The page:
Melvin Rutledge is a wildlife photographer that believes photography can be a powerful tool for educating the minds of others through photojournalism. Once a medicinal chemist with a passion for science and nature, he has redirected his efforts as a conservationist to educating people about the wonders of nature and the natural world.

He believes that wildlife photography should be conducted in an ethical manner and to respect nature as best we can. He considers himself a scientist and teacher as much as a wildlife photographer and storyteller. It is his passion to raise awareness, document and educate the people of our world about the unbelievable beauty of animals and nature, in additions to the inherent worth that they have to offer.

In addition to his favorite subject of animals, birds, aquatic creatures and wildlife, traveling and exploring the National Parks, Forests and Preserves, that have been set aside to be a sanctuary for our fragile ecosystem is on his A-list.

Melvin’s most humbling award was this past year, as he was chosen as a category winner for Nature’s Best Photography Magazine. His image, “Where Fairies Come and Fairies Show” was chosen for their Spring/Summer 2019 edition and winner of “2018 Best Backyards” photo contest. The story behind the shot is as follows:

It was Easter Monday, I started the day in my kayak checking up on the Oystercatchers and Brown Boobies in the lagoon, I then paddling by the lazy iguanas in the mangroves. Next to visit were my kestrel friends on the other side of the island, a family that I have visited for the past two years. On my way back I stopped at a favorite spot that has many aloe plants in bloom, a favorite of the local hummingbirds of the British Virgin Islands. Focusing on an anole, I was greeted by this fairy, the Green Throated Carib, such a nice surprise.

“How wonderful is this colorful thing, when I realize that they are here before my eyes, and I long to see you every spring. I believe and that’s why I see, things others won’t for we remain. Invisible to their mind, come, follow me, let’s merry be. She dance, hover and sing a song, the fairy enchantingly, watching my face the whole while long. Amongst the flowers, there is a spot I love to go, where fairies come and fairies show themselves to me, glittering as green purple, blue and gold…”

National Wildlife Federation also awarded “Where Fairies Come and Fairies Show” in 2018 as an honorable mention in their annual “Garden For Wildlife” photo contest

In addition for 2018, Ocean Conservancy awarded Melvin’s ““WELCOME TO MY HOUSE” in their annual photo contest. In addition, the underwater shot was chosen for “First City Juried Show” in Pensacola, Florida. “One of my favorite fish in the sea is the blenny, because he is so hilarious to watch. He’s a very curious fish that loves to watch me watching him and his puzzled, confused facial expression is just hilarious to see. His first time on camera and his first time seeing a camera so he was a bit nervous, but he was quick to get over his camera-shyness. Love it when he gulps because he has such a suspicious look on his face like he’s up to no good.”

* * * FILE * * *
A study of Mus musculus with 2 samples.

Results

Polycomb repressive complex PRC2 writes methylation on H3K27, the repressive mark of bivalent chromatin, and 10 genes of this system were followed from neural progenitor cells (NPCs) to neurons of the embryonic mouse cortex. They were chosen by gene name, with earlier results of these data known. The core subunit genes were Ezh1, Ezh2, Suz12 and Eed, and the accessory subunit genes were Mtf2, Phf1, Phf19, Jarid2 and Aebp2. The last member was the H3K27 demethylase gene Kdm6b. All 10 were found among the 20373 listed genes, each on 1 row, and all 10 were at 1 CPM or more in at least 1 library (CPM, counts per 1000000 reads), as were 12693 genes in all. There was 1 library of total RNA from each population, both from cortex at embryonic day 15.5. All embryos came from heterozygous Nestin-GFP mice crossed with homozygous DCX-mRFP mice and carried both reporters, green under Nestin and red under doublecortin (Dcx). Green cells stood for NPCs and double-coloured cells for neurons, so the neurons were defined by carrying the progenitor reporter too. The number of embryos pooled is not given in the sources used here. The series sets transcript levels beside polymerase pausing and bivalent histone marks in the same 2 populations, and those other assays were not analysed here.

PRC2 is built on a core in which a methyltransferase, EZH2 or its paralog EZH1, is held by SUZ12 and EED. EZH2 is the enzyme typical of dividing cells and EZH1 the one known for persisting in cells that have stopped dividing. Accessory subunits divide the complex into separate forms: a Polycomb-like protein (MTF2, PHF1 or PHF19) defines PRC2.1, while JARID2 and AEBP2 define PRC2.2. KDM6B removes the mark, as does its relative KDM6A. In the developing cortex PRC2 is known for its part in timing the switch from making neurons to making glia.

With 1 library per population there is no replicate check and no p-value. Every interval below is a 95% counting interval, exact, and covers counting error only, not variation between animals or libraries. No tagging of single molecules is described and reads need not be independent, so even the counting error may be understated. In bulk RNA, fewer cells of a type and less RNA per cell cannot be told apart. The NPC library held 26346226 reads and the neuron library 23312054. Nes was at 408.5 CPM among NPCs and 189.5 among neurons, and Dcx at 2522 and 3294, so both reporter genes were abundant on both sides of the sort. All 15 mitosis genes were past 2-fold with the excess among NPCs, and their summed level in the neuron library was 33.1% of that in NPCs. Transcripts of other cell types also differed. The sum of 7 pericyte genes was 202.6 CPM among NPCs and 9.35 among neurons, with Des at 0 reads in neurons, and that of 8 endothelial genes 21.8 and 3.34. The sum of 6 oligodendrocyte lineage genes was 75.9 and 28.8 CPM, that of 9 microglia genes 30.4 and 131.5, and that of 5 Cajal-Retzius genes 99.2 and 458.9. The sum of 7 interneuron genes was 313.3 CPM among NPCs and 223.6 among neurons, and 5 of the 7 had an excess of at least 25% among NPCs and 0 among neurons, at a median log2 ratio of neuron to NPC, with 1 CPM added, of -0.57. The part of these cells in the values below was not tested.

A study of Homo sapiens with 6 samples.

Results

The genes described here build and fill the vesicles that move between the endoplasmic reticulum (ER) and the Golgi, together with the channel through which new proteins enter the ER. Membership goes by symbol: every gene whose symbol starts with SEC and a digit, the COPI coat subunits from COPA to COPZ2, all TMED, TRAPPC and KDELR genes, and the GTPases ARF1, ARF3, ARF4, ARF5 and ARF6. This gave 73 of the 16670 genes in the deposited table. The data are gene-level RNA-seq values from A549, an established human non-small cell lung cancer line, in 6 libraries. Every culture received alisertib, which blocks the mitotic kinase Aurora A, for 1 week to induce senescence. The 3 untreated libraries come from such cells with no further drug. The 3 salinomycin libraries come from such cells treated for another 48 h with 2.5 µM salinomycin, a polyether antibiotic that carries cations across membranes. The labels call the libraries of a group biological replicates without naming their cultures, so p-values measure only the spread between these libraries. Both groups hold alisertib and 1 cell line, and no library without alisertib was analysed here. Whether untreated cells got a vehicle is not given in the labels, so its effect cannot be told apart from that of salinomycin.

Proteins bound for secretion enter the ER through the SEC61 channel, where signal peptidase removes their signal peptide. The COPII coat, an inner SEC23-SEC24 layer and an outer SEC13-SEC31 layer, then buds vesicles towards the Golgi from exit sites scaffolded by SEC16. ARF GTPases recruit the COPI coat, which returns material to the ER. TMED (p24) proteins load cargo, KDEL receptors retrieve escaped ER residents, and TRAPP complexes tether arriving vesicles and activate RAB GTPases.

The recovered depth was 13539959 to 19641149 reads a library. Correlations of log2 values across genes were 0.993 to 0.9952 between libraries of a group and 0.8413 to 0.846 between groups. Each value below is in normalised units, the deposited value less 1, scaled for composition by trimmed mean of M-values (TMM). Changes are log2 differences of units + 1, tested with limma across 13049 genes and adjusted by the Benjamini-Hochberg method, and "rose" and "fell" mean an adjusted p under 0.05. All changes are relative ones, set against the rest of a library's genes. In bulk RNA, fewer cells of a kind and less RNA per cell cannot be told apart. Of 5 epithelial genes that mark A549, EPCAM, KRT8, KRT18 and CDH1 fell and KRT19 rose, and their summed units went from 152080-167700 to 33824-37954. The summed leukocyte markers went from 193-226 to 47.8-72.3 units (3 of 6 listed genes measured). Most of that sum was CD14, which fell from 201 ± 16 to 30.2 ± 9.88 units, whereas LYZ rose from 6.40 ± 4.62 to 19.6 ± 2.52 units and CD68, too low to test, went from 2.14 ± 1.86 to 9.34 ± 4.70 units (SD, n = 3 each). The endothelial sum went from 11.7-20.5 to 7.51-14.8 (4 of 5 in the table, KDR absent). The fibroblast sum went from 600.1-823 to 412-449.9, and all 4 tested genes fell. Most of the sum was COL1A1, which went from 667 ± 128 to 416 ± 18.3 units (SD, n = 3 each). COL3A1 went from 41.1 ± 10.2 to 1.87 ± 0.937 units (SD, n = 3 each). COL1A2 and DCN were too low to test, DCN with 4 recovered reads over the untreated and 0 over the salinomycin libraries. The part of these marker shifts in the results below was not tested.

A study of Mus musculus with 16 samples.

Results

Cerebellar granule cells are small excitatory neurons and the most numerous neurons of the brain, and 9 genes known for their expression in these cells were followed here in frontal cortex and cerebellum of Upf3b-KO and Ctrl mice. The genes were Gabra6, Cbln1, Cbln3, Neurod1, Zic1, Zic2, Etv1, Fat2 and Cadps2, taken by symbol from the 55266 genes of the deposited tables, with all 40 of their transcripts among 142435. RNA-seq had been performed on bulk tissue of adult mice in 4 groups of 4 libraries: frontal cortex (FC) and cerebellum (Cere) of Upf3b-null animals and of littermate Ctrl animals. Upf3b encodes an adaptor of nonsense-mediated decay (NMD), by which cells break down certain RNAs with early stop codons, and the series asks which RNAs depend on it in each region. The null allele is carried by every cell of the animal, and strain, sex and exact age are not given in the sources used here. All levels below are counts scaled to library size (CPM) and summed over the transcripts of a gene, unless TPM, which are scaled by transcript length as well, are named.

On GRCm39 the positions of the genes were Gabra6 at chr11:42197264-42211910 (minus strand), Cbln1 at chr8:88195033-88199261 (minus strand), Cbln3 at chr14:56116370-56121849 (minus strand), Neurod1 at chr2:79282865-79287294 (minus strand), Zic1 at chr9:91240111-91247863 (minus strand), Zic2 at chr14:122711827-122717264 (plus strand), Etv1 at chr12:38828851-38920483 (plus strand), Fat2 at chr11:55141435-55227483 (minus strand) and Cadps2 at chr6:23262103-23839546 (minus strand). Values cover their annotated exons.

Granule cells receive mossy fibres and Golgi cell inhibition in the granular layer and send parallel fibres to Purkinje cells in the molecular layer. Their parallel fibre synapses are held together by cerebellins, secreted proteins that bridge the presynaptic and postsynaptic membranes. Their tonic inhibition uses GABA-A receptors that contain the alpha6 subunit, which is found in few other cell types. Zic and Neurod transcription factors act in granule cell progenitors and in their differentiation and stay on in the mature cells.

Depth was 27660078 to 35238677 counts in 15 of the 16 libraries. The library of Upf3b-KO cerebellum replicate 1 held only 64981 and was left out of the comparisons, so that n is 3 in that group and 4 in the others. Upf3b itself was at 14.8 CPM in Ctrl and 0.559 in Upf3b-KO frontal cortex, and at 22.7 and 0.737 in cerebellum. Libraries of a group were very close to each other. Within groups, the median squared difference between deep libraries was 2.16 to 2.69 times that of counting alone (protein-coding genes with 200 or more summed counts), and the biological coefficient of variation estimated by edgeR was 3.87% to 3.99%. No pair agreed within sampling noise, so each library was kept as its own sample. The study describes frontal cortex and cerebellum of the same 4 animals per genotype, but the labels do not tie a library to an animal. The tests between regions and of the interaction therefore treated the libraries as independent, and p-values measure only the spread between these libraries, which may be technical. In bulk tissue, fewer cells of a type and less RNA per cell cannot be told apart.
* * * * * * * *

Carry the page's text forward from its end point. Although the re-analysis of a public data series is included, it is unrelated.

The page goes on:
Since 2015 many of his avian images have been featured as ‘Editor Picks’ on National Geographic’s Your Shots community. Recent publications and awards have been on the reintroduction of the flamingo in the British Virgin Islands. The variation of this species, sizes, and colors and what this diversity reveals about species’ adaptations to diverse habitats makes them fascinating subjects. They are lively, often secretive in nature. Making them a challenge to shoot. In 2016, his image, “A PORTRAIT IN PINK” was published by National Geographic’s Magazine for their “Photo of the Day” on August 25th. Furthermore, he received a publication on August 30th for National Geographic’s Your Shots “Daily Dozen” selection, “SOMEWHERE OVER THE RAINBOW” . He has been featured on National Geographic’s Facebook Page with over 16,000 likes for their “Friday Facts” on the July 7th 2017 edition. That Friday Fact was “Flamingos are born gray and white and don’t turn pink for two years, after which they get their rosy color from the shrimplike crustaceans they eat”. “WHY AM I PINK”-FLAMINGO  In addition, his flamingo reintroduction story, “FLOURISHING FLAMINGOS”  was published in 2018 in “Virgin Islands Property and Yachts” magazine.



  • National Audubon Society
  • American Bird Conservancy
  • Cornell Lab of Ornithology
  • National Wildlife Federation
  • Sierra Club
  • Canon Professional Services
  • VIP Member Outdoor Photographer
  • North American Nature Photography Association

Melvin believes wildlife is the greatest treasure on earth, and he thinks it is a time to rethink their existence. We not only have the power to destroy these beautiful and important creatures, but we have the power and responsibility to protect and preserve them.